It was under the stars this past Sunday when I took a trip down the rabbit hole at a CUB-run café. No, The College of New Jersey’s union board did not acidicly alter the refreshments. Instead it was the fuzzy current of grooves pumped into the atmosphere by the second act of the night Green Paper.
Intrigued by the band’s drummer, Natalie Newbold, and the bunny ears fixed to her head, I decided to move in for a closer look. Standing upright, I noticed a few audience members seated at the foot of the stage. Maybe they were tired, maybe they had a messy landmine incident in Nam, regardless, I didn’t think much of it, and remained on my feet. This was a mistake and it quickly became evident that those sitting were neither fatigued nor limbless, they were experienced.
Toward the middle of a 10-plus minute, distortion laden, neo-psychedelia opening jam where the band’s sound ranged from Animal Collective, to Ariel Pink’s Haunted Graffiti, to an alien abduction, my legs began to buckle and the universe began to spin. Suddenly I was Tim Robbins in Jacob’s Ladder. Did my friend T.L. just turn into some sort of lizard creature and scamper off into the shadows? Maybe, but I wasn’t about to let it scare me away and miss this performance.
Green Paper’s “April 27th, 2004” off the band’s Bookends EP
Probably the best aspect of Green Paper, this band can topple you with intricately composed noise rock and build you back up five minutes later with a catchy Local Natives-esque song, much like this one:
And as for what Green Paper thinks of your opinion, it doesn’t seem to give shit. Not that the members don’t care what you think, but as for what you have to say, they can take it or leave it, or at least the constant sound emitting from their amps would lead one to believe that.
There was no time for audience interaction, hoots, hollers, or applause. We were so lost in the constant state of play (the howling vocals of Tomm Hart, manic stick work of Newbold, the dual guitar play of Jeff Lane and Mike Mendonez, and Keyboarding of George Boff) when the first and only lull of the show came, an unsettling quiet fell over the patio. It was awkward. But when the crowd realized what was happening, it showered Green Paper in deserved applause and appreciation.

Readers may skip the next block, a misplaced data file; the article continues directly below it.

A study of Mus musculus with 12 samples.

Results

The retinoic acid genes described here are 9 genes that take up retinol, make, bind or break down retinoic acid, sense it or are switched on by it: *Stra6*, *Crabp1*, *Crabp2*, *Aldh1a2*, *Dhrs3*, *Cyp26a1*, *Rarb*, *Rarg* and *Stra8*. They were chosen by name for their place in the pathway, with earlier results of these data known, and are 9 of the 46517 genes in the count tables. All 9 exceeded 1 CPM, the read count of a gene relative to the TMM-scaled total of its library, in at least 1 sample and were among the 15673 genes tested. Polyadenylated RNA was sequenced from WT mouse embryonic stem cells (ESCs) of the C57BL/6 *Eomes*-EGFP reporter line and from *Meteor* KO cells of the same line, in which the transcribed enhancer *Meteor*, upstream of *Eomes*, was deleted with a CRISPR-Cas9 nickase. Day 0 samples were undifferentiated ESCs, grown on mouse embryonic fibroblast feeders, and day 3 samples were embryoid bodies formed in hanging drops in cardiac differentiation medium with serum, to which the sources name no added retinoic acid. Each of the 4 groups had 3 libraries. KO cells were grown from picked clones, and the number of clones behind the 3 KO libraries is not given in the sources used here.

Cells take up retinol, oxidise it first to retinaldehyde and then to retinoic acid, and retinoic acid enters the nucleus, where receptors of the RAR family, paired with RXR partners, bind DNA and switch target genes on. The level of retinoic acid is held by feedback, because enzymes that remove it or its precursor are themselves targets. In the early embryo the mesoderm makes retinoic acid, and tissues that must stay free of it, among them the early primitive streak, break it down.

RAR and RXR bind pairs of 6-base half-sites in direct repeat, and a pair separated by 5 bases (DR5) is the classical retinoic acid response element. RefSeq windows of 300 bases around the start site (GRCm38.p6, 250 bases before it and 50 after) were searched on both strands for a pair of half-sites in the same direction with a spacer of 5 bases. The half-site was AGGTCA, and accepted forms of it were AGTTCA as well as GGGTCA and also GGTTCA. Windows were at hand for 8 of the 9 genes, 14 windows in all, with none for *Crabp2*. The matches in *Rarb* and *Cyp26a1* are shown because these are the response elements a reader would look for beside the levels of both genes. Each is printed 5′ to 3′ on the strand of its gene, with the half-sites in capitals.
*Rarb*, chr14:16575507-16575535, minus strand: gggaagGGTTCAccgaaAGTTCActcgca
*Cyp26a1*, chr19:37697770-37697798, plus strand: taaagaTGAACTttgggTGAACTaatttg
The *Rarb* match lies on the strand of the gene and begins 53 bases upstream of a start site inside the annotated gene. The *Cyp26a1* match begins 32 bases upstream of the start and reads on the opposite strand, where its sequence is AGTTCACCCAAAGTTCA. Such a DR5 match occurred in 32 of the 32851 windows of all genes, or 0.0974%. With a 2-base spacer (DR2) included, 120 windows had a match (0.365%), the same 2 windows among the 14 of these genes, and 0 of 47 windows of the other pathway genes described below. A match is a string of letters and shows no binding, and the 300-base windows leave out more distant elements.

“We’re Mile Zero,” said front man Matt Houston to the largest crowd of the night, “and we play Rock N’ Roll,”
Matt Huston has worked this campus as a solo act in the past but on this night he made it a friend and family affair. With his brother Andrew on the drums and Ethan Fried on bass, Mile Zero’s musical range stretches from Radiohead to Buddy Holly-esque tunes.
Huston’s vocal range was showcased on covers of Radiohead’s “You And Whose Army,” an amped up version of Arcade Fire’s “Keep The Car Running,” and Voxtrtot’s “Raised By Wolves,” which can be seen below:
Despite the lack of a track record, Mile Zero proved to be solid live act. The band has yet to release any music but Huston has, and some of it can be heard here: http://www.myspace.com/matthustonmusic
I know for a fact “Curtains” and “Barracuda” are crossover tracks. Catch Huston this Friday at The Rat on the campus of TCNJ at 6:00 p.m. for a solo set.
Last to take the stage, and seemingly least according to the grumbling patrons, was the speed metal band Jade.
This reckless quintuplet has original music. You can download the band’s EP for free here: http://www.myspace.com/jadetheband
This discovery actually shocked me because the opposite appeared evident when Jade kept dishing out cover after cover of Van Halen, The Rolling Stones, and a Thrash Metal rendition of The Eagle’s “Hotel California,” much to the audience’s dismay. I happened to like that one, but as mentioned, I was in the minority.
“I wish this Rockband so they can fail out already,” said a passerby.
“The harmonies are well written,” said another, “just poorly executed and horribly off-key”
When Jade announced they’d be performing a few original songs, “Live It Up” and “Taste Of Anarchy,” and “Ensnared,” the crowd actually grew a little optimistic…sort of.
“They can’t do anyone else’s songs right,” said a voice from behind, “maybe they can do their own.”
Jade performs “Live It Up” at TCNJ’s Cafe Under The Stars:
The entire night Tyler Ableson’s vocals seemed terribly off the mark which ruined the experience for most of the concert goers. However, they failed to listen close enough to Nick Kasmanian’s rapid axe-work.
Kashmanian performs “Cliffs of Dover” under the stars at TCNJ…and compliments my Iron Maiden shirt:
Flames emerged from his finger tips as lurked into the center stage spotlight and picked his way through solo after solo, sometimes teaming up with Joey Percario on a dual assault.
Jade is a group that has one several band battles and even earned a spot on the Vans Warped Tour. It is instrumentally solid and the recorded vocals weren’t nearly as sub-par as in this performance. Maybe it was a fluke.